It’s that time of year where leaseholders find a service charge demand landing on their doormat, obliging them to pay their share of the costs of providing services to their block. Payment of those services charges is crucial.
But what are they for? And what do leaseholders get for their money?
Flats are owned on long leases. Generally speaking, everything within those four walls of the flat belongs to the leaseholder. Everything else (including the main structure of the building, the land it sits in and the common parts) is owned by the landlord.
The lease will set out what services need to be provided for the block by the landlord. Sometimes, this obligation passes to a Residents Management Company.
It can be a range of services that are provided, but these include insuring the building, cleaning and lighting the common areas and grounds, maintenance of equipment such as lifts, professional charges and many more. These are essential services and without them, a block of flats just wouldn’t function.
The only way that those services can be funded is through the payment of service charge. That’s why it’s so important that service charges are paid in full and on time. Without them, the whole block suffers.
Why is payment needed in advance?
The answer is simple. Service charges are payments so that services can be provided.
Cash flow is king. It’s fundamental to any block. If there are delayed payments (or worse still no payments) then this has a massive impact on the services that can be provided. It’s necessary to pay in advance for this very reason.
Leaseholders want to live in blocks that are well-maintained and well-managed. This can only happen if there is co-operation. A leaseholder keeps their end of the bargain by paying their service charges in full and on time.
What happens if service charges aren’t paid?
If there’s no money from the service charges, then services can’t be provided. This impacts on the block, and also on the individual leaseholder who hasn’t paid.
Legal action can be taken against the leaseholder for the arrears. They can be ordered to pay interest on the arrears together with legal fees. County Court action can be taken (which could result in a CCJ) and ultimately a landlord can forfeit the lease and regain possession of the flat. These are serious consequences for the leaseholder concerned.
In my opinion, it’s in the interests of everyone involved in the block that service charges are paid promptly. These funds are the lifeblood of any block, and they are essential to a well-managed and well-maintained building. And after all, that’s what everyone wants.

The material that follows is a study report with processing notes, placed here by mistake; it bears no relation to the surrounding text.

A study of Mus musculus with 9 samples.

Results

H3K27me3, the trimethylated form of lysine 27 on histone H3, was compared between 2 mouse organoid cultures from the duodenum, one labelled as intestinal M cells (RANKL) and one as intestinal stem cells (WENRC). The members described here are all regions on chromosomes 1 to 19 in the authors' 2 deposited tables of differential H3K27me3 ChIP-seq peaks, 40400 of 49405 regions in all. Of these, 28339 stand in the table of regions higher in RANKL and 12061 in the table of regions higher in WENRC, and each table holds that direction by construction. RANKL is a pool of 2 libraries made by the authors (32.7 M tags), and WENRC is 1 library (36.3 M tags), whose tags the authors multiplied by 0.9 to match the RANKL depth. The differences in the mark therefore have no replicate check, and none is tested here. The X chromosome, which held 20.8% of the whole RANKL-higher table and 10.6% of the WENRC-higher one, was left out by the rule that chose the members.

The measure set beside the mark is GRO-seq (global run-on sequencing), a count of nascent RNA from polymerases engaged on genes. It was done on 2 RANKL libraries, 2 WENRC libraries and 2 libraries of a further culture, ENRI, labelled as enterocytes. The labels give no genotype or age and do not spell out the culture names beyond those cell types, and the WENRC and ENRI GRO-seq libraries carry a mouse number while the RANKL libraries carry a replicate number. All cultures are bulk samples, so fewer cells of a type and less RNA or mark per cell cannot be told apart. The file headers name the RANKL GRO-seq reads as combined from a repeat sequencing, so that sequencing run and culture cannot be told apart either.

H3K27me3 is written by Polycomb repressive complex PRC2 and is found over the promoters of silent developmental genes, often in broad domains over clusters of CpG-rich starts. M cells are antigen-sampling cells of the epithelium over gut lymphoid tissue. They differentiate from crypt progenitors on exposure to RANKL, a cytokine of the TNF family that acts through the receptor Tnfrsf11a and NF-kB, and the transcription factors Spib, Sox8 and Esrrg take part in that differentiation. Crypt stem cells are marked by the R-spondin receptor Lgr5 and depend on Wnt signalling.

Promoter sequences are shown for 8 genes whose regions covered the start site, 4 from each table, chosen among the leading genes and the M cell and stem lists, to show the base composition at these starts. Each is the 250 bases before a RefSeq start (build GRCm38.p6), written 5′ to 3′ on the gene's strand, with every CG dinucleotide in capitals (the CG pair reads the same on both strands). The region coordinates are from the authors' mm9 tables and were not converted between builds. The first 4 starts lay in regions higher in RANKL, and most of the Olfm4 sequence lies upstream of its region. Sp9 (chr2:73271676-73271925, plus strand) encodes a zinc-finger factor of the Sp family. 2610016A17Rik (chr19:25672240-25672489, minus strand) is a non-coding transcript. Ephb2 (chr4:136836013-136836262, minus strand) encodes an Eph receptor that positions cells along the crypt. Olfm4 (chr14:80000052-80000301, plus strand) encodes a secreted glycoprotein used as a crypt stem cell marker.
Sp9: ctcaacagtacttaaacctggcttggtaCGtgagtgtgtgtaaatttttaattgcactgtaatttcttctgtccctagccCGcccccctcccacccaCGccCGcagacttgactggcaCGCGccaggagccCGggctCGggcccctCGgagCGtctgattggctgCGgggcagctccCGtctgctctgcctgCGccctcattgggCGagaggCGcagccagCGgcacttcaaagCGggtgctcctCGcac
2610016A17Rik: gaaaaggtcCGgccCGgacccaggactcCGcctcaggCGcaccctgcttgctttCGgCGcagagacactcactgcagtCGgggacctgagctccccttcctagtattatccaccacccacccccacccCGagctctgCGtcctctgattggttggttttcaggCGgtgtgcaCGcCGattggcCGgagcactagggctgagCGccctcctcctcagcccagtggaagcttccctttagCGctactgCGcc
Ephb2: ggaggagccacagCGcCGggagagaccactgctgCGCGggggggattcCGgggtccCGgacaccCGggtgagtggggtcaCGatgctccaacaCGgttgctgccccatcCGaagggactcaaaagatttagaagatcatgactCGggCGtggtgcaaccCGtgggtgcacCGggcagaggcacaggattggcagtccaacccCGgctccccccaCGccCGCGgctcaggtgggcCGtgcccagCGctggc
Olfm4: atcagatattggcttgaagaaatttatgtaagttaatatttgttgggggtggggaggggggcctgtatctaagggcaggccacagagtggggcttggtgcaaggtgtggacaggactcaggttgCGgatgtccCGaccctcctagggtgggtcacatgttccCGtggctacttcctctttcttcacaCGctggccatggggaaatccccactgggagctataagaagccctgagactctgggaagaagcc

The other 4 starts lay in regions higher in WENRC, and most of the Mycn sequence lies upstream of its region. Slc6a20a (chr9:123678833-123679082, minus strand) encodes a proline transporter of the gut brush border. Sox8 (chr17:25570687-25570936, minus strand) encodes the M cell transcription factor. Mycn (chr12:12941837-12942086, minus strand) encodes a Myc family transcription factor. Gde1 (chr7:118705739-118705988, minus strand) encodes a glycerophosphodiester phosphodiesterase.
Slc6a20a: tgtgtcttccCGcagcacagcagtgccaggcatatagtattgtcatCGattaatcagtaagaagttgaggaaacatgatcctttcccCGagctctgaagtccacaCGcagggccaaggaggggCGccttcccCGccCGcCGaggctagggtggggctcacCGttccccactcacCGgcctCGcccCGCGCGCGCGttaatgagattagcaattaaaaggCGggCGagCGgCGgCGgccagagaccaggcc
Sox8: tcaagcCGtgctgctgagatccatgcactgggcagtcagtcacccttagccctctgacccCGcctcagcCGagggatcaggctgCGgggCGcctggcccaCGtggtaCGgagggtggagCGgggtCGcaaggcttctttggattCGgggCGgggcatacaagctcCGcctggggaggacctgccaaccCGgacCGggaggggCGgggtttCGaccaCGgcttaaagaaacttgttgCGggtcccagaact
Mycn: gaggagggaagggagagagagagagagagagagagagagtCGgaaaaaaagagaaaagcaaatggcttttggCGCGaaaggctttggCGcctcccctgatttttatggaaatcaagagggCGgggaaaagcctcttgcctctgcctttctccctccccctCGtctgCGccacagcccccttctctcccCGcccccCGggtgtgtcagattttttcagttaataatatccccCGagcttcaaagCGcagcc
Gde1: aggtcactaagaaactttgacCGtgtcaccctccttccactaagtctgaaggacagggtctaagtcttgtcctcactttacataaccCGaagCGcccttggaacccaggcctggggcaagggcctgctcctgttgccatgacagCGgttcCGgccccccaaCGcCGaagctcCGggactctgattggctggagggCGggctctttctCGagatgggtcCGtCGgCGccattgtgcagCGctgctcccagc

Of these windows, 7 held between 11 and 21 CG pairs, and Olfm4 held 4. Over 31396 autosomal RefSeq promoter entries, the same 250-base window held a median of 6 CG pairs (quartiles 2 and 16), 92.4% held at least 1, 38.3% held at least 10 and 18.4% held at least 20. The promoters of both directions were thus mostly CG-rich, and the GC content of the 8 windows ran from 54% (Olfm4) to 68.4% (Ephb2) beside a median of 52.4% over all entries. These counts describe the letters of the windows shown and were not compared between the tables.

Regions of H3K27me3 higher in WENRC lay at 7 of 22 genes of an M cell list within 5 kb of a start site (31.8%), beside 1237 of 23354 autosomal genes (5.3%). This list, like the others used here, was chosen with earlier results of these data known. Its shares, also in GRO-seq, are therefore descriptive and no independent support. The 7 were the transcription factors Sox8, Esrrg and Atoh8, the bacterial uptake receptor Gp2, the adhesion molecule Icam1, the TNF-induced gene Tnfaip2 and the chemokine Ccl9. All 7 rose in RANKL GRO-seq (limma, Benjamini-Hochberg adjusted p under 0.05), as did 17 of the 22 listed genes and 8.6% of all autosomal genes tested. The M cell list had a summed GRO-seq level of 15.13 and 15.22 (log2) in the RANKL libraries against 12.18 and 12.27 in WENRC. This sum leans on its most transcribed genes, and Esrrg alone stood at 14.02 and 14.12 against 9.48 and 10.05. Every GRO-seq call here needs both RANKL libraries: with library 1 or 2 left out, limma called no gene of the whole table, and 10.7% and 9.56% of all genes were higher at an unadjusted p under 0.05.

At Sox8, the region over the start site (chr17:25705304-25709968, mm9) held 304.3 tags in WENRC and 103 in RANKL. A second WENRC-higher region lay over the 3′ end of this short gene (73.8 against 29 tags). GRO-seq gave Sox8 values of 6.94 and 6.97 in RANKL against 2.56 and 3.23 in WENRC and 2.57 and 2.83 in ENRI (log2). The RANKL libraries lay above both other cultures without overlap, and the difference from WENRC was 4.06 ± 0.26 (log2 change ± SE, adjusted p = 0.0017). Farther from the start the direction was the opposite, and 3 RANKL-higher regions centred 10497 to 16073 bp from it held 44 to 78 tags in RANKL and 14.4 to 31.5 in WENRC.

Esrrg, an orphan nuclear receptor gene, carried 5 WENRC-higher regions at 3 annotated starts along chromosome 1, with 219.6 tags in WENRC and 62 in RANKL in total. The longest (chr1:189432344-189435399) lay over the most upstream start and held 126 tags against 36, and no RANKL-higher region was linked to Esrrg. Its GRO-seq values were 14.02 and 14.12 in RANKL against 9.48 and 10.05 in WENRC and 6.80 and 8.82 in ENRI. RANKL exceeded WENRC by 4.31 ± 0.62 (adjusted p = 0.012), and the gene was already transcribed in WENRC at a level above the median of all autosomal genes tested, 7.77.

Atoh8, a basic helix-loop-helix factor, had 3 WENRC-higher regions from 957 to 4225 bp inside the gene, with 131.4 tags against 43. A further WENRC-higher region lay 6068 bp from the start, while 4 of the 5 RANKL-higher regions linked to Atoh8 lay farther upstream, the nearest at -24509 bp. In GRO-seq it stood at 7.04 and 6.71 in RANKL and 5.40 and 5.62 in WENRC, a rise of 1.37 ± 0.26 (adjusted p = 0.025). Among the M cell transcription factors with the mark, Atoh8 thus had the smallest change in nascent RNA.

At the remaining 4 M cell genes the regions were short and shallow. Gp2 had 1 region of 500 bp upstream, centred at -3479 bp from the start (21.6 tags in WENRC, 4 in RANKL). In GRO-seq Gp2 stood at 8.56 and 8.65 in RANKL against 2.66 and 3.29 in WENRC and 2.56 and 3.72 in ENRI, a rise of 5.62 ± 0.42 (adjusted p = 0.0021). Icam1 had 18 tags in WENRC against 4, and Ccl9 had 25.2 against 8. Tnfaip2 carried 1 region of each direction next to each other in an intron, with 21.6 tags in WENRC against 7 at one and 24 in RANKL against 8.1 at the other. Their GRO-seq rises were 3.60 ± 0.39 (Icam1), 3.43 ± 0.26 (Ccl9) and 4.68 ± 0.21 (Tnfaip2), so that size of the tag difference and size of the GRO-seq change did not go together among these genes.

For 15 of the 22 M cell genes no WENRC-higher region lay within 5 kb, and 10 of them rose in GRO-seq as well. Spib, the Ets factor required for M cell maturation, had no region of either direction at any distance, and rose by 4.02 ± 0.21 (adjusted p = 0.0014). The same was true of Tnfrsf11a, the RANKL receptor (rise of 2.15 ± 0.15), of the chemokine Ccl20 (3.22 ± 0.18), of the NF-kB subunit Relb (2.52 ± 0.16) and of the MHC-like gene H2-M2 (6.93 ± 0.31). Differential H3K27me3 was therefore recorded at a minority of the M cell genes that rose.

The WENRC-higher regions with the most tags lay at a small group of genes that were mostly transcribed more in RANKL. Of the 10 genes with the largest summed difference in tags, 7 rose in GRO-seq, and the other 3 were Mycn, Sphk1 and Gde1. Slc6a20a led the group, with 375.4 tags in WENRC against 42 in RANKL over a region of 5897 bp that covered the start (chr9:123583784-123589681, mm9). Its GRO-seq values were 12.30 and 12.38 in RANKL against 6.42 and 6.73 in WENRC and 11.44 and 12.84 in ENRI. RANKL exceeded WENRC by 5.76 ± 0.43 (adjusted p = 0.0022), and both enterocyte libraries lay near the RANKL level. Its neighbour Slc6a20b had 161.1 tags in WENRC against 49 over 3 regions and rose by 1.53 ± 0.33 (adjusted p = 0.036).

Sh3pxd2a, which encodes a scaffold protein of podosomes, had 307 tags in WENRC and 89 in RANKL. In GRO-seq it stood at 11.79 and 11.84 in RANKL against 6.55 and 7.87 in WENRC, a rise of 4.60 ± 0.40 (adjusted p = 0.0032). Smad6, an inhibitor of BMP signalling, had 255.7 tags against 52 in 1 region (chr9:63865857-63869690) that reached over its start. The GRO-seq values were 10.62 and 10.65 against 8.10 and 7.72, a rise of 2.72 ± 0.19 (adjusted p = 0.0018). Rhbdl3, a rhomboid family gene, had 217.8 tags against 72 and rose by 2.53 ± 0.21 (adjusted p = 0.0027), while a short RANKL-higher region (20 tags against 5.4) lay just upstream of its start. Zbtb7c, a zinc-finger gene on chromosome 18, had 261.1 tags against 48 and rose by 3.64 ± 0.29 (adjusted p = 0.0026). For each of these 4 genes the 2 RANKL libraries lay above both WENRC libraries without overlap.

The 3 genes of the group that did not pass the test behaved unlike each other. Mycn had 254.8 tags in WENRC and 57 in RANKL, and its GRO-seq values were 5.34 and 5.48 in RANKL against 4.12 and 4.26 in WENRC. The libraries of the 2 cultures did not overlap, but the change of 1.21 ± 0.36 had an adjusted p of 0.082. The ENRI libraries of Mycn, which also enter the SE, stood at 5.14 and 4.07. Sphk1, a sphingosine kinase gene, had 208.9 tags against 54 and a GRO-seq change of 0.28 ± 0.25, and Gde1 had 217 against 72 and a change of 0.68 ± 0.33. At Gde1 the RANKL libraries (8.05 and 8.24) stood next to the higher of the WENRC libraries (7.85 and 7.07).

BY Cassandra Zanelli, a partner specialising in property management at Lexcel accredited solicitors, Taylor&Emmet LLP.
Cassandra has a wealth of litigation experience and regularly presents seminars and courses for industry professionals. She is a member of the Institute of Residential Property Management and the Property Litigation Association. Email: Cassandra.firstname.lastname@example.org
Returning home to find your property damaged can leave residents feeling vulnerable and unsure of what action to take.
For many leaseholders it is the realisation of their worst fear, what to do in the case of an emergency (fire, flood etc), especially when the managing agent is not contactable.
Managing agents therefore have a responsibility to ensure that each development they look after are aware of who to contact and how the emergency lines are operated out of office hours.
It can also be beneficial for the managing agent to explain to clients, what constitutes an emergency. Just because a resident is desperate to speak to their managing agent about their arrears, this does not mean they should expect to be able discuss these after hours. It would also be prudent to ensure that in the case of something like a fire, the first call should be made to the emergency services, as they will likely need to attend.
If another property/flat has caused the damage, you may be able to make a claim on the block buildings insurance. This can usually be arranged through your managing agent.
The key points to remember in an emergency are;
- Ensure the safety of yourself and those around you. Do not put yourself at risk to check your property or secure your belongings.
- Call the emergency services first (if necessary).
- If another property is impacting on your own, i.e. water ingress from their property into yours, alert them so the leak can be stopped.
- Inform the managing agent, who can contact other leaseholders and let the insurers know (if required)
- Take photographs of the damage and write down any information about the incident that you feel would be beneficial for the managing agent or insurers to know.